MARVEL LEGENDS (HASBRO)
“The leader of the Serpent Society, Klaus Voorhees uses powerful venom to strike down his enemies.”
Okay, let’s just get this out of the way up front: this figure’s name is kind of silly. As the bio notes, Klaus Voorhees is the *leader* of the Serpent Society. That’s not his name. You wouldn’t release a Mr. Fantastic figure and call him “Fantastic Four” now would you? The trouble with Klaus is that his actual villaining name is Cobra, which is now more closely associated with the terrorist organization fought by G.I. Joe (or healthcare, I suppose. Also, I hear there’s this animal or something?). He’s subsequently been renamed King Cobra, but I guess that’s not trademarkable enough? Not even if we throw “Marvel’s” in front of it? They do always love that. Oh well, Serpent Society it is.
THE FIGURE ITSELF
Serpent Society (bleh) is figure 6 in the Thanos Series of Marvel Legends. He’s one of the three comics-based figures in the assortment. I know, spoilers, right? I just ruined the twist that King Cobra’s *not* in Infinity War! How dare I? The figure stands 6 1/4 inches tall and he has 32 points of articulation. King Cobra is ostensibly built on the Bucky Cap base, but the only parts he actually shares with Bucky Cap are his pelvis and his feet (Bucky Cap was wearing buccaneer boots, so the non-booted shins showed up later). He gets the standard shins, plus Doctor Strange’s less muscled torso, Hob/Green Goblin’s scaly arms and legs, and Civil War Black Panther’s hands. On top of that, he gets a new head, cape, belt, and gauntlets to help complete his look. It’s actually pretty amazing how well all those pieces mesh together to make this guy. The new parts are fantastic on their own (I especially love that grin on his face), but they combine with all the re-used stuff and make for a figure that might as well be an all-new sculpt. This is kind of the best you can hope for with this guy, and I commend Hasbro for the inventiveness when it comes to re-used parts, towing the line with new stuff. Great middle ground. The paint work on King Cobra is another strong point; the bright metallic green makes this figure really pop, and the purple offers a nice contrast. Some of the application could be a tiny bit cleaner, but it’s still a lot better than what we were seeing in years past. King Cobra’s only extra is the left arm of Thanos. Nothing character specific. While it’s not quite as frustrating here as it was with yesterday’s Iron Spider (due to this figure being larger, and Cobra having less obviously missing extras), it’s still a somewhat annoying trend of lacking accessories for this Series.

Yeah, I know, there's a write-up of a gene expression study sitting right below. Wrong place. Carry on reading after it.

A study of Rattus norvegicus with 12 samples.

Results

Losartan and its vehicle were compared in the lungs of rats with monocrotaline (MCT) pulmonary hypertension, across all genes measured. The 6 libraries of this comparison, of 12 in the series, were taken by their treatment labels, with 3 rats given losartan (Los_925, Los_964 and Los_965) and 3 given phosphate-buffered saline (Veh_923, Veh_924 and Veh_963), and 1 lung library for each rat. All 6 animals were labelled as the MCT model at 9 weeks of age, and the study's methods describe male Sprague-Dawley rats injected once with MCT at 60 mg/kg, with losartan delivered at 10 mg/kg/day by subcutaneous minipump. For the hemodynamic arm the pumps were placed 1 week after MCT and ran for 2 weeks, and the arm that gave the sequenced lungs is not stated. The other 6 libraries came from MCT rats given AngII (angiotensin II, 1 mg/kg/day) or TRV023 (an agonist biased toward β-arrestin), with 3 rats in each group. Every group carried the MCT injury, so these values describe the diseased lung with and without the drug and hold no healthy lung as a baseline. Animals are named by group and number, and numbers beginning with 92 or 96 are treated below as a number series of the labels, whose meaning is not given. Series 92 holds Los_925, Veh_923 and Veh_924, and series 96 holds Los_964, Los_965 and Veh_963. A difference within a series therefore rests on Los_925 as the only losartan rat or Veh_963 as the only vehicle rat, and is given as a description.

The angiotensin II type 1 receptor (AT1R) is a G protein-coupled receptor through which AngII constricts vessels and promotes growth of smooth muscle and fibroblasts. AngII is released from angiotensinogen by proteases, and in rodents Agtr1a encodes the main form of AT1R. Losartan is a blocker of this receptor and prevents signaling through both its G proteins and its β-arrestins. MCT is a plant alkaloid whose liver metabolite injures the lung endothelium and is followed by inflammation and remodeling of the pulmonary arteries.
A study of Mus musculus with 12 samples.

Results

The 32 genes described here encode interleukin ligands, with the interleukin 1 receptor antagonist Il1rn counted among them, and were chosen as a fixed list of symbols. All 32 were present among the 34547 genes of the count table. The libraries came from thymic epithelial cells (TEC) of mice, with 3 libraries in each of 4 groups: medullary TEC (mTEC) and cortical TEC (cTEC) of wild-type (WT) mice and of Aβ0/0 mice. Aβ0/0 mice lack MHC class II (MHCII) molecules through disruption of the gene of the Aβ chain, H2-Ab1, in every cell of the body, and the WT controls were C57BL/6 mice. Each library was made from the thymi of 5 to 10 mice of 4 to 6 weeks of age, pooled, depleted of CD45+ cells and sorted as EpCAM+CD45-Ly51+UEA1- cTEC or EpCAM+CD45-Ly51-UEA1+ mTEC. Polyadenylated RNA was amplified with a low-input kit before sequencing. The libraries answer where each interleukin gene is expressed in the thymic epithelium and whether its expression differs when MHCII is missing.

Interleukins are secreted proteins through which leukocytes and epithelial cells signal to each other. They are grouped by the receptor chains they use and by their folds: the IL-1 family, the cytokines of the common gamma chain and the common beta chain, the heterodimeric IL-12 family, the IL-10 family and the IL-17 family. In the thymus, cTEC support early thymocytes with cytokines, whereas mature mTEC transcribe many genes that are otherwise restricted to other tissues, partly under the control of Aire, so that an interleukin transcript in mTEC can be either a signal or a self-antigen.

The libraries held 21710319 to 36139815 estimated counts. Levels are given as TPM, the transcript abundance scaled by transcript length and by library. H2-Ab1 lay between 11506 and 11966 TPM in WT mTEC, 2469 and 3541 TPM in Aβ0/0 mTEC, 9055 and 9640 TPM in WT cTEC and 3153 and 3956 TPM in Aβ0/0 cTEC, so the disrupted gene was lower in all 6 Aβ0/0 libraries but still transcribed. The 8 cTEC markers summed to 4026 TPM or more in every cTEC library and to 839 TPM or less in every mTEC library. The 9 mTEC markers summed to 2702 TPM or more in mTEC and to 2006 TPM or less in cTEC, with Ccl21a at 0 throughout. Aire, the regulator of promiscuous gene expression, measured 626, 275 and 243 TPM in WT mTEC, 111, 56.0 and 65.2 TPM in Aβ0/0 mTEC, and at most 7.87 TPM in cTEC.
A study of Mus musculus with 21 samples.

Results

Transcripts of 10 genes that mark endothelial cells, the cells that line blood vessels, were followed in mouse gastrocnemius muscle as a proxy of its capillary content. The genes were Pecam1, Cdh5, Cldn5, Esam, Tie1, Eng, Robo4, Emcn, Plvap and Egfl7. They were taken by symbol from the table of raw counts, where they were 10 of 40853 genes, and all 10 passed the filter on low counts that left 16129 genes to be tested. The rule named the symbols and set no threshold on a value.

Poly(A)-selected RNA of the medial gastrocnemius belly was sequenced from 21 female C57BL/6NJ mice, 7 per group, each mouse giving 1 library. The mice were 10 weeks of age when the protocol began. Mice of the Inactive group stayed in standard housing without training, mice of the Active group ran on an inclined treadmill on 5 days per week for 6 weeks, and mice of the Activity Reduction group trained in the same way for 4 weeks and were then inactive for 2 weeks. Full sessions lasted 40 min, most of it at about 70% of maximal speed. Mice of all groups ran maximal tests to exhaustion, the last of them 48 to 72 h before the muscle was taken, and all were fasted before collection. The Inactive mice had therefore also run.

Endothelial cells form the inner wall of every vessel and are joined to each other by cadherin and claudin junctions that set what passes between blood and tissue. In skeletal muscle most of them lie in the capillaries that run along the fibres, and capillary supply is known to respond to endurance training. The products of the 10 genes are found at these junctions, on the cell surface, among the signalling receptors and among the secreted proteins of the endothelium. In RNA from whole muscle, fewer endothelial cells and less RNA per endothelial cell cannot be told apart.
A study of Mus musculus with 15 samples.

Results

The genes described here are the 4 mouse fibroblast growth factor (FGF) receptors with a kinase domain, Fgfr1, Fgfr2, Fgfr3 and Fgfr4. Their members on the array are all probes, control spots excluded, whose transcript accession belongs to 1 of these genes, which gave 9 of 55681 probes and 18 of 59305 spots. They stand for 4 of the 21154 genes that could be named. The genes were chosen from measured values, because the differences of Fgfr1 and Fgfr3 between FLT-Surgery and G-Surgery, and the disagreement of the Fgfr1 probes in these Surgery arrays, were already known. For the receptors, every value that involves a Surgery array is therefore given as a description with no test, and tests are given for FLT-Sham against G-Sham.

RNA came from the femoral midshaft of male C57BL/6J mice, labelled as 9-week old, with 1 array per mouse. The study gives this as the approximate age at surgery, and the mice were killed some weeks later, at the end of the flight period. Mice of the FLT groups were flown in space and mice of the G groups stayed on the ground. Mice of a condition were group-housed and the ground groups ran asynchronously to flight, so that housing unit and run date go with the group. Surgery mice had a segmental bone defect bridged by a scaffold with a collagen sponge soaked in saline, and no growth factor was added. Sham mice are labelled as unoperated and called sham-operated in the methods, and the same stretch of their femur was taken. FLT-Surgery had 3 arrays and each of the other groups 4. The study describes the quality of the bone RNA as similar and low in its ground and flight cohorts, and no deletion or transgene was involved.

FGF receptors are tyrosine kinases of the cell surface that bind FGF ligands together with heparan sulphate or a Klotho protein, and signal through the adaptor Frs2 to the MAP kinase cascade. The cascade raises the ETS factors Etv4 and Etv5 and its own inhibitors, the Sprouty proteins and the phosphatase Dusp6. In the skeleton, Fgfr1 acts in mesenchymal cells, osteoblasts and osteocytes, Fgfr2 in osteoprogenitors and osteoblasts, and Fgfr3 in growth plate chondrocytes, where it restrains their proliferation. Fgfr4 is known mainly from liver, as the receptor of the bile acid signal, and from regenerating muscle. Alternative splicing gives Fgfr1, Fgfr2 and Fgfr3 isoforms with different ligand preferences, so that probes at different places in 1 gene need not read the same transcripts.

THE ME HALF OF THE EQUATION
King Cobra was one of the handful of figures I found all at once from this set. I wasn’t really expecting a whole lot out of him, being only passingly familiar with the character. He mostly got purchased for the Build-A-Figure piece. I was pleasantly surprised, after opening the figures up, to find that he was actually my favorite of the lot. The simplicity of the design, and the very well-planned re-use just make for a really strong figure of a classic look.